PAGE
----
Labor Day Podcast: Ron Carlson's Classic Tale of Terrycloth and Theoretical Math

Ron Carlson's short story, "Towel Season" (first published in Esquire in 1998) is a modern classic, as much about reconciling vocation and family life, as a portrait of summer in a neighborhood where recursive towels and seemingly fixed-value adults travel from cookout to cookout. The story is narrated by a theoretical mathematician who's grasping after his big discovery, the one that will save him from plain old applied engineering. Innumerates need not fear the subject matter: the process of theoretical math is suggested in visual, accessible language. The story runs more wet than dry, and it's a pleasure to follow the trail of towels to the silver bus at the puzzle-like ending, where the towels are dropped and math and theory get melded with marriage.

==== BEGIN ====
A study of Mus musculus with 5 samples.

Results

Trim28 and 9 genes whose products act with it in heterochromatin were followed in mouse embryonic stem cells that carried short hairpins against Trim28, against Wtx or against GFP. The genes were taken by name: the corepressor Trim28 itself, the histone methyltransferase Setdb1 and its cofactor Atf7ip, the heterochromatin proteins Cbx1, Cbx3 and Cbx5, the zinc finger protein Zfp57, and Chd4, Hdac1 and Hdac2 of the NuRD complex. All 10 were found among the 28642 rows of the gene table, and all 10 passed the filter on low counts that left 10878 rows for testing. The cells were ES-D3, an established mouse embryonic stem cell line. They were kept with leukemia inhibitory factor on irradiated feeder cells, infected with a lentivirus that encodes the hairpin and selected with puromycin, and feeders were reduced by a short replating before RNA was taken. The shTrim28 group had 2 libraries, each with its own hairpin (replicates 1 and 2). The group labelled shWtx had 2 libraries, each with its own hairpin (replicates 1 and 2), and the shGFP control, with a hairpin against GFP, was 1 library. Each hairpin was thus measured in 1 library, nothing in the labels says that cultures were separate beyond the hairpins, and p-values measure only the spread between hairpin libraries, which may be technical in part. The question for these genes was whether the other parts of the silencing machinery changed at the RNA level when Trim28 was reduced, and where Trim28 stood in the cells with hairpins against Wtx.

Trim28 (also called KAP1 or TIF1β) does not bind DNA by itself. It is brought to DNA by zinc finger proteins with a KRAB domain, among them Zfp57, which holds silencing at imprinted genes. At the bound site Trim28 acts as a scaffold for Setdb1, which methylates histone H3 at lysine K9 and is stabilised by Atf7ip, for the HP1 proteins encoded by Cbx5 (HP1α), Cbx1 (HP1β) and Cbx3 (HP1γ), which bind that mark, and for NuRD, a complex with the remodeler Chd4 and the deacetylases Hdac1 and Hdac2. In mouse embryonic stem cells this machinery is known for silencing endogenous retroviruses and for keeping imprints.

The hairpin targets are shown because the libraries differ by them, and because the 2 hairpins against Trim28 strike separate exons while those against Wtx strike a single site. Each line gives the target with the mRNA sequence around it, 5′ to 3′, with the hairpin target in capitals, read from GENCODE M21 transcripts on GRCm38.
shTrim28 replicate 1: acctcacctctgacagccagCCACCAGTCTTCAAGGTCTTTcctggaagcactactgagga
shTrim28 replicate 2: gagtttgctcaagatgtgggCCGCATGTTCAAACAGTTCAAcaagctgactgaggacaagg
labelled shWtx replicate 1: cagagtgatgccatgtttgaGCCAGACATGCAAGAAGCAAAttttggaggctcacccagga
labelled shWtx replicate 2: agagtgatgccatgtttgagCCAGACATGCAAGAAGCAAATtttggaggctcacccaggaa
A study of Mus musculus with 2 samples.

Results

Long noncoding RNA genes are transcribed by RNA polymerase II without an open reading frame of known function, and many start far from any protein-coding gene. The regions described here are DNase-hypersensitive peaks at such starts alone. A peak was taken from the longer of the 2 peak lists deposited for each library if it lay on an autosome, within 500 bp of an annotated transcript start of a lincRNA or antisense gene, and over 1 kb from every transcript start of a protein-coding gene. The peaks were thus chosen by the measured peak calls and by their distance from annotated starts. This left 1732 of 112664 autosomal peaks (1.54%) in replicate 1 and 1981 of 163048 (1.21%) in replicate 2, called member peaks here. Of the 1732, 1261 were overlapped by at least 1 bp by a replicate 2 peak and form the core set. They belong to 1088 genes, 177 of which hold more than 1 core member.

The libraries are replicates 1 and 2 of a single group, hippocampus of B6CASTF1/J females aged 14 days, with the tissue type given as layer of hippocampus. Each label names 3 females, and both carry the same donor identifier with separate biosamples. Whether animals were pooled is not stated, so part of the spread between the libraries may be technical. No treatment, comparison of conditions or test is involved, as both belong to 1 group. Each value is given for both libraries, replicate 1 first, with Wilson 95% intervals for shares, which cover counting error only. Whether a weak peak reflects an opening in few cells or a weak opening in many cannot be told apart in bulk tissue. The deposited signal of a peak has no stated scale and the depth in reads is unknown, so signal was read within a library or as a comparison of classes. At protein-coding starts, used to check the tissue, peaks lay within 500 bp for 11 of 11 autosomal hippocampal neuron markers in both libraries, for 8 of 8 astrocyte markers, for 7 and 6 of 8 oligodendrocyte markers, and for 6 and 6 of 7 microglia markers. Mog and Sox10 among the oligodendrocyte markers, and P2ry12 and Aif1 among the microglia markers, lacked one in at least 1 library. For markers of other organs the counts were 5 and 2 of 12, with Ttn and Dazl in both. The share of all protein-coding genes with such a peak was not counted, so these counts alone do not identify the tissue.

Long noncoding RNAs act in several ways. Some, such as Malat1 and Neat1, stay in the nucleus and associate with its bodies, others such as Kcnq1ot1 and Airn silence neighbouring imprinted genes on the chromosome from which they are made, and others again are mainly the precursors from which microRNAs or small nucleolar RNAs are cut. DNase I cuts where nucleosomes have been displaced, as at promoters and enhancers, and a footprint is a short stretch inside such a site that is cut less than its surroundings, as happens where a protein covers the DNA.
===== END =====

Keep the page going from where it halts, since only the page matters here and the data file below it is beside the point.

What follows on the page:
PRI: Selected Shorts has reposted the audio of actor James Naughton reading "Towel Season" in their Selected Shorts iTunes podcast just in time for Labor Day 2009. Naughton reads with unassuming comedic timing, and his voice lends a everyman quality to the suburban yet "unsettled" character of Edison. The "Towel Season" audio runs about 35 minutes (long enough to grill some boneless chicken), and it's followed by "A Bad Joke," a short Ha Jin story read by B.D. Wong. The combined podcast, titled "Figuring It Out," will be available for free download for four weeks.

If you must hear "Towel Season" after the weather's cooled and the title has expired from the podcast, you can purchase the Selected Shorts: William Hurt Collection 3-CD compilation from NPR. The Collection includes audio of Hurt reading "Towel Season," as well as stories by Aleksander Hemon, Richard Ford, and Tobias Wolff.

Non-audio news: Carlson's most recent book is the novel The Signal. Carlson talks about his new book, and also his "Towel Season" story, in this profile from The Orange County Register.